Will Britain sell off its public forests?


According to the paper, the British government is planning a massive sell-off of the country’s state-owned forests as they seek to raise billions of dollars to help cut the deficit. Here’s the kernel of the story:

Caroline Spelman, the Environment Secretary, is expected to announce plans within days to dispose of about half of the 748,000 hectares of woodland overseen by the Forestry Commission by 2020.
The controversial decision will pave the way for a huge expansion in the number of Center Parcs-style holiday villages, golf courses, adventure sites and commercial logging operations throughout Britain as land is sold to private companies.
Legislation which currently governs the treatment of “ancient forests” such as the Forest of Dean and Sherwood Forest is likely to be changed giving private firms the right to cut down trees.

The Sunday Telegraph goes on to explain that the sell-off is the result of cuts last week to The Department for the Environment Food and Rural Affairs (DEFRA), which will lose around 30% of its annual $4.5 billion budget by 2015. Britain’s government last week announced a “spending review” that saw huge cuts to public services in an effort to shore up the country’s public finances.

DEFRA has ultimate control over another body, called the Forestry Commission, which oversees Britain’s publicly owned forests. But the Forestry Commission is one of many so-called “quangos”—semi-autonomous but publicly-funded organizations that soak up huge amounts of public spending. Prior to the spending review it was thought the Forestry Commission would be eliminated altogether as part of an anticipated “bonfire of the quangos.”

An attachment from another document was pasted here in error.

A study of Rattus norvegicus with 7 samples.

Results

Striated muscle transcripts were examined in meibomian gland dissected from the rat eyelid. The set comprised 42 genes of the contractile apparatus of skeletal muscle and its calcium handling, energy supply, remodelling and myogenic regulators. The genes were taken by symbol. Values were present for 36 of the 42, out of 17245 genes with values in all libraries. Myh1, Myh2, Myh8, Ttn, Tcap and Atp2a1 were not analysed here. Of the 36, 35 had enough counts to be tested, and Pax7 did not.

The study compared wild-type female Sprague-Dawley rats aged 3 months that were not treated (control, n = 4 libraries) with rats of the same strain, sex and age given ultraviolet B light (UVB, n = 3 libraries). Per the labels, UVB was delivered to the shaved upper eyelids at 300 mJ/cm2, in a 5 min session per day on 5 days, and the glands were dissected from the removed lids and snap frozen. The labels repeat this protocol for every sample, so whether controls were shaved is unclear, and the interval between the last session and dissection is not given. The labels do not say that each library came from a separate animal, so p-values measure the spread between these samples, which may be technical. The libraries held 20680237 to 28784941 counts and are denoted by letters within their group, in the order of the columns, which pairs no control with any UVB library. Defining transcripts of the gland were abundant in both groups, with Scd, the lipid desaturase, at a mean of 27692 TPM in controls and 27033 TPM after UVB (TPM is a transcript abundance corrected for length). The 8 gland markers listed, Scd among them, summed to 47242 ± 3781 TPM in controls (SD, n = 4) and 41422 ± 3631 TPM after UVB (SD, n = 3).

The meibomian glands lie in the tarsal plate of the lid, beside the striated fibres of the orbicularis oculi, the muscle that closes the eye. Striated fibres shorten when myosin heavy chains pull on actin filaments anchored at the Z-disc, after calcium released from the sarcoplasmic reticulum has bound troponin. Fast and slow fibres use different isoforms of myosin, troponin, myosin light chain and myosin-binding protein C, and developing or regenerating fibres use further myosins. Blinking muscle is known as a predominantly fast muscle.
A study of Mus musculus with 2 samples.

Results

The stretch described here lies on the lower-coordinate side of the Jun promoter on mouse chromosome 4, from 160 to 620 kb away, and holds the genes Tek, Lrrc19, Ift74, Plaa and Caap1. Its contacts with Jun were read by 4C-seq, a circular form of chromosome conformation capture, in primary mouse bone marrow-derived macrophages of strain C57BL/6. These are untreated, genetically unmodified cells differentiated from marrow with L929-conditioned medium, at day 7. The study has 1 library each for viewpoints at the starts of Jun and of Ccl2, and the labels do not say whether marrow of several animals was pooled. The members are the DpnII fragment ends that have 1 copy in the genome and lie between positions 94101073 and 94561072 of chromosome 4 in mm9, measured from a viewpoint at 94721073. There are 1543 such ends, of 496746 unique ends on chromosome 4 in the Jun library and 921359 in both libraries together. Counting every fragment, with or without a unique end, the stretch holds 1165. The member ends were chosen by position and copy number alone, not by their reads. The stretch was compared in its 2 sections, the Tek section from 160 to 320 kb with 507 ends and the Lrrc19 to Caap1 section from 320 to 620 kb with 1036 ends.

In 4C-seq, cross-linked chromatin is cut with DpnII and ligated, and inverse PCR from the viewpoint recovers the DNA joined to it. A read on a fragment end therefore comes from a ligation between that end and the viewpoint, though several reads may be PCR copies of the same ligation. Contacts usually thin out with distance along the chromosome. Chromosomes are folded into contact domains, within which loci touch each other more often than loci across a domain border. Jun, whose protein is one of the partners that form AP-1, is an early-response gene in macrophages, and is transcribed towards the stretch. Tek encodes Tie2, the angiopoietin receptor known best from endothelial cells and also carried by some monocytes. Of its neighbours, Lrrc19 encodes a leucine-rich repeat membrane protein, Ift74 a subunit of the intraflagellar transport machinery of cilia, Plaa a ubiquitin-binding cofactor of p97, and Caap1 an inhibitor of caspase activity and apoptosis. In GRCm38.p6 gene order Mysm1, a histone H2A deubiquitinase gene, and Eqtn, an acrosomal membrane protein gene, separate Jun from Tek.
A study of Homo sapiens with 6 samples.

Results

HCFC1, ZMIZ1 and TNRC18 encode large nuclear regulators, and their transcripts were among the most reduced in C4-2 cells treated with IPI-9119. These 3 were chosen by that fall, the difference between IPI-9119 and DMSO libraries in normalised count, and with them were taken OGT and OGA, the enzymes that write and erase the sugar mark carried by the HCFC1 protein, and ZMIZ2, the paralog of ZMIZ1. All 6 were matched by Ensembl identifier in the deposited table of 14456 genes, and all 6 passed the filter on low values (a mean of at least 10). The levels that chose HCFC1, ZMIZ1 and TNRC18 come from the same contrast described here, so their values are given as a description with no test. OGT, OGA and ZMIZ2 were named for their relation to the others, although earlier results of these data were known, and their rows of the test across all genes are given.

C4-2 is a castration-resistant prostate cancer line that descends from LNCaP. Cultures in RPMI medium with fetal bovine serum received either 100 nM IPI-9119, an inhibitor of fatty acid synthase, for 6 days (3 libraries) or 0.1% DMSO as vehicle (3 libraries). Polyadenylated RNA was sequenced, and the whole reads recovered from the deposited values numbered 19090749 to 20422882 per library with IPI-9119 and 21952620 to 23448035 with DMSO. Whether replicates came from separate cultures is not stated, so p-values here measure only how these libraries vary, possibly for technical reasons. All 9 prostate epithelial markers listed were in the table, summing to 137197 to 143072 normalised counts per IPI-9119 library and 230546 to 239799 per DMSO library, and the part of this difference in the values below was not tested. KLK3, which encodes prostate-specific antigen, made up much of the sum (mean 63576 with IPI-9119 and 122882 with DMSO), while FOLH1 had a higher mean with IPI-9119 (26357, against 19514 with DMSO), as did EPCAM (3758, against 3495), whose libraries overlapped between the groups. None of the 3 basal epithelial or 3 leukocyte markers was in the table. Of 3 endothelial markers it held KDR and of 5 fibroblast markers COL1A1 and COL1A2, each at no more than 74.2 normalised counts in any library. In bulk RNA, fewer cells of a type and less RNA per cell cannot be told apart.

But while the Forestry Commission has been spared, its funding is under scrutiny.  In a prepared statement, a DEFRA spokesman said: “Details of the Government’s strategic approach to forestry will be set out later in the autumn.  We will ensure our forests continue to play a full role in our efforts to combat climate change, protect the environment and enhance biodiversity, provide green space for access and recreation, alongside seeking opportunities to support modernisation and growth in the forestry sector.”

Conservation bodies will be watching the new “strategic approach” carefully and hoping that Britain will not face deforestation. As TIME’s Bryan Walsh reported last year, the economic benefit of chopping down trees is short lived. Both the National Trust and The Royal Society for the Protection of Birds (RSPB) said they would not oppose the sale of forests on principle, but warned that not all Britain’s forests are made equal. Mark Avery, conservation director at RSPB said: “We would be quite relaxed about the idea of some sales, but would be unrelaxed if the wrong bits were up for sale like the New Forest, Forest of Dean or Sherwood Forest, which are incredibly valuable for wildlife and shouldn’t be sold off.”

From the legend of Robin Hood hiding in Sherwood Forest to Birnim Wood rising up against Macbeth in William Shakespeare’s play, forests have long played a central role in British identity. But with the government under huge economic pressure, few things are sacred. Which leads to a dispiriting question: If Britain can’t afford to keep its forests under public control, what hope the poorer, rainforested countries of the tropics?